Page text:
There’s a difference between those who were born into the Orthodox faith and those who converted. The difference is all about the journey. For the Cradle orthodox, they’ve been able to experience the faith all their life. It’s not just a religion, but also an identity. However because it’s been a part of their life since the beginning, these cradle orthodox people haven’t had the same struggle as those who have converted to the faith.
My wife and I converted to Orthodoxy in 2012. And our journey was one of struggle. Orthodoxy was this mountain, and in order to reach the summit, we had to climb and be 100% certain about each rocky nook and crevice we put our fingers into. The physical exertion for us was actually research, prayer and an insurmountable amount of reading. We had to learn what it meant to be orthodox. My wife and I had been struggling in the spiritual wilderness, looking for Christ and his church, but until we came to the Orthodox Church, we didn’t know where to go. And like I said when we finally found the Orthodox church, we then had to climb the mountain.
Just like The Prodigal Son returning to the father, the son struggled because he was living a life of sin and the return journey home was not an easy one.
At the conference, Father Theodore Paraskepopoulus used the metaphor of The Prodigal Son to explain the difference between converts and people who have been Orthodox since birth. He said those who had converted were like the prodigal son. We were lost, but after repentance and the actual journey, we came home the church.
The cradle Orthodox represent the older brother who stayed and helped his father. They didn’t have the same journey as the younger son did. They were brought up in the faith, and have practiced it all their life. However, Father Ted soon made it clear where the problem was.
Father Ted spoke:
“If we know the parable of the prodigal son, we know that while the prodigal returns in repentance to the father and is accepted, it is the older brother, the one who never left – the one who was apparently always faithful and never broke a rule, who in the end refused to enter the banquet. It is the older brother who could not accept his own blood when he returned back to the fold. And really isn’t this what we constantly see in our predominantly ethnic parishes in the way they treat those who convert to the Orthodox faith? Has it not become a cliche to consider converts much more knowledgeable, zealous and faithful to Orthodoxy than their cradle counterparts? The Ancient Faith Radio listenership polls even identify this trend. However we can always find evidence of this in a myriad of other aspects of church life: Tithing, attendance, volunteerism, missions, etc. All of these are often dominated by converts. And this is a problem!”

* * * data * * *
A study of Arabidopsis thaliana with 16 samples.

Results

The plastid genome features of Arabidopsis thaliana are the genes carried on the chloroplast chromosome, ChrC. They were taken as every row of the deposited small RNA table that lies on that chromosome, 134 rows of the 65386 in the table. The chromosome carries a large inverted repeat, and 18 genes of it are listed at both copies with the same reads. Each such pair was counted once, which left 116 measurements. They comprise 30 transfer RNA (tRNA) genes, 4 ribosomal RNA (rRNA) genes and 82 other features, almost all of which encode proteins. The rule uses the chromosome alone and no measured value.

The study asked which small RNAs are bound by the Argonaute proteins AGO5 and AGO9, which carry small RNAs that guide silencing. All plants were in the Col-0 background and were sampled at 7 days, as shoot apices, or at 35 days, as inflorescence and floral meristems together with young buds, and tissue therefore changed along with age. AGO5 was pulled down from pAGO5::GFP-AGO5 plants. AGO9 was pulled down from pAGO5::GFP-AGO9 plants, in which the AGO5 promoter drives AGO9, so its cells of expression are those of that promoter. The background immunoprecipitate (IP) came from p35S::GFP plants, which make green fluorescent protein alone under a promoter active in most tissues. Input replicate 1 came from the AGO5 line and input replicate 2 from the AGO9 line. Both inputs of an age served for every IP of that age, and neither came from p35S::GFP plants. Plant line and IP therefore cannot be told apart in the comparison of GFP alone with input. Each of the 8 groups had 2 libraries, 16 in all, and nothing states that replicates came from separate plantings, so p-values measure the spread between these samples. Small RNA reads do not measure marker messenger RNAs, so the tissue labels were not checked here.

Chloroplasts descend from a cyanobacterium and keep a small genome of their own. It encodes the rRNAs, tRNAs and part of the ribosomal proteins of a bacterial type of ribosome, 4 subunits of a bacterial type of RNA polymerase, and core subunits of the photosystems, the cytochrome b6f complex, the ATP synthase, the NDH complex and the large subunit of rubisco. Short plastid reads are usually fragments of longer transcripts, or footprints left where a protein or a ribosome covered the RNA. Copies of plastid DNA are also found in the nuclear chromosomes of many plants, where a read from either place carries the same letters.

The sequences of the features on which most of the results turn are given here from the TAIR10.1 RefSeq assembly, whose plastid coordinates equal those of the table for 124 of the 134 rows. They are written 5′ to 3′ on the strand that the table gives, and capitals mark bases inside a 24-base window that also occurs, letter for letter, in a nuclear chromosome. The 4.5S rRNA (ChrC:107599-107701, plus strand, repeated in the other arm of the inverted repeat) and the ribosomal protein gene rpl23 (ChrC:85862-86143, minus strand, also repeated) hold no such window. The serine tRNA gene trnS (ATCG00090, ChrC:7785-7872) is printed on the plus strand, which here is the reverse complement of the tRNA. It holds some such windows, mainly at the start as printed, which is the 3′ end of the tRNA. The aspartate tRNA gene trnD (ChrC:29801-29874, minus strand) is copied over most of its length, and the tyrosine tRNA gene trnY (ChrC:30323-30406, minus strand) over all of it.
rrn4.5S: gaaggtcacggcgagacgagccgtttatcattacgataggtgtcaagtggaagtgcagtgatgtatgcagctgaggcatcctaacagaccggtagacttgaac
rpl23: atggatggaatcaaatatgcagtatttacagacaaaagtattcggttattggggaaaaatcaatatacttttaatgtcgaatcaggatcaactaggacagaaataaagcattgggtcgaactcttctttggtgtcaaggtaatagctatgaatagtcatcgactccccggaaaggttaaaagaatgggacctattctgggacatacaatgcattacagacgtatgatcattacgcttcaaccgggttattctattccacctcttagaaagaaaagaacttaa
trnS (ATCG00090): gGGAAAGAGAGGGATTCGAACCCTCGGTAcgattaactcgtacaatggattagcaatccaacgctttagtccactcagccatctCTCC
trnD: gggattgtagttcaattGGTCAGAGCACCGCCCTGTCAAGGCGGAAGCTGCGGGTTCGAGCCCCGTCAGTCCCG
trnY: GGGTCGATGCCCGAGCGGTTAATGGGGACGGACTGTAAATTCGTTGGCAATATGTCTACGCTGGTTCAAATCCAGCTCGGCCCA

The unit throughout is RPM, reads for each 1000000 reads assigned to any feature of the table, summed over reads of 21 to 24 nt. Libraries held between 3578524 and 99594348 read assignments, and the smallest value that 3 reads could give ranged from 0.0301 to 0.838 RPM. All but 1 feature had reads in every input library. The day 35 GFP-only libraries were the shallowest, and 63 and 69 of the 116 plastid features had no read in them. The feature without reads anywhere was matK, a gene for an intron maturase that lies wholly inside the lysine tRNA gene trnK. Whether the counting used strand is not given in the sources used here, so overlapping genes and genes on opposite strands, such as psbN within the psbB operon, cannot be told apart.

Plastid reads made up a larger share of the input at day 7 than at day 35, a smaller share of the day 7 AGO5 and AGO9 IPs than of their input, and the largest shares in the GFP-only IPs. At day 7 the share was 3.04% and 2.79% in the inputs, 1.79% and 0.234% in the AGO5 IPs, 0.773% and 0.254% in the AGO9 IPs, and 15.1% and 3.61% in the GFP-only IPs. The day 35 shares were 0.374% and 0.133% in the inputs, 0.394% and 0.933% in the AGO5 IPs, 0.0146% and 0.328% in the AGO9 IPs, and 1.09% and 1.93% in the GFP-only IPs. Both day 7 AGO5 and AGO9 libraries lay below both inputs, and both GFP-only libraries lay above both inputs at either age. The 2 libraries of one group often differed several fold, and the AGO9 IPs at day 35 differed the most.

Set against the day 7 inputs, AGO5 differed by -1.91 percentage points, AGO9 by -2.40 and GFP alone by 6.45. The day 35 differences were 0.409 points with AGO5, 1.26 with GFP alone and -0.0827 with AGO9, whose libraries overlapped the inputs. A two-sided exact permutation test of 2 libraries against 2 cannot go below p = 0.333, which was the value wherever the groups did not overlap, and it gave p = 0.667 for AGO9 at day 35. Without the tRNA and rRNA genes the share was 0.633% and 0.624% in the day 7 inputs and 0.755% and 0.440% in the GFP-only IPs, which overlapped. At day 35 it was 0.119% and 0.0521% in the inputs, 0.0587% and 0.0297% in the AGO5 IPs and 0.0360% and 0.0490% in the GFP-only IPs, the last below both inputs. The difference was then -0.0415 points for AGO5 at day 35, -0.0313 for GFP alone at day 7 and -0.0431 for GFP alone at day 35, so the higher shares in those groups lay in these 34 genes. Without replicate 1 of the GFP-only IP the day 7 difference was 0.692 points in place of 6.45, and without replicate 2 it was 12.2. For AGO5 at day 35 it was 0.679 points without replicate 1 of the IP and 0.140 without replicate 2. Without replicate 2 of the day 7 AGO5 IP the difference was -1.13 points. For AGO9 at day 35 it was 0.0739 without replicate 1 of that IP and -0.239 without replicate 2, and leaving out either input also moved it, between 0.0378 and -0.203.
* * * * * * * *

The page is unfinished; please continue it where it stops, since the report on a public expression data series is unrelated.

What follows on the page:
Father Ted believes the best way to solve this issue is with adult education and re-catechism. Either through in person class type settings, or through his podcast FR.TedTalks – he has found adult interaction and engagment increases across the board when we get the adults involved. And when we teach the adults, they teach the children.
The children are always the future, especially in the church. If we don’t give our children a proper foundation to stand on, they will loose their balance when they get older.
Without the home life centered in faith, the children will suffer, and so will the adults. Since learning is top-down, like a hierarchy, it starts with the parents. This is how we grow the faith!
Children should look to their parents for understanding about how faith works, parents should create engagement so that through activity and participation the faith is learned. If you create the right culture, it will change the house.
This was a pretty amazing talk. I am so glad I participated, and engaged myself to really understand what Father Ted was saying.
I came to this conference with no expectations or preconceived notions. All I wanted was to learn, and to converse with other Orthodox writers. My heart was opened, and because of that, I was transformed. I became friends with several of my peers and enjoyed conversing with the clergy. As I traveled home, my mind was swirling with new ideas and thoughts. I couldn’t help but be inspired, especially with everything that I had learned, and all the people I met. These wonderful AFCon people not only helped deepen my faith, they actually changed my life for the better. I can’t wait for the next conference.
Until next time my friends!
My view I had this afternoon, on my way home.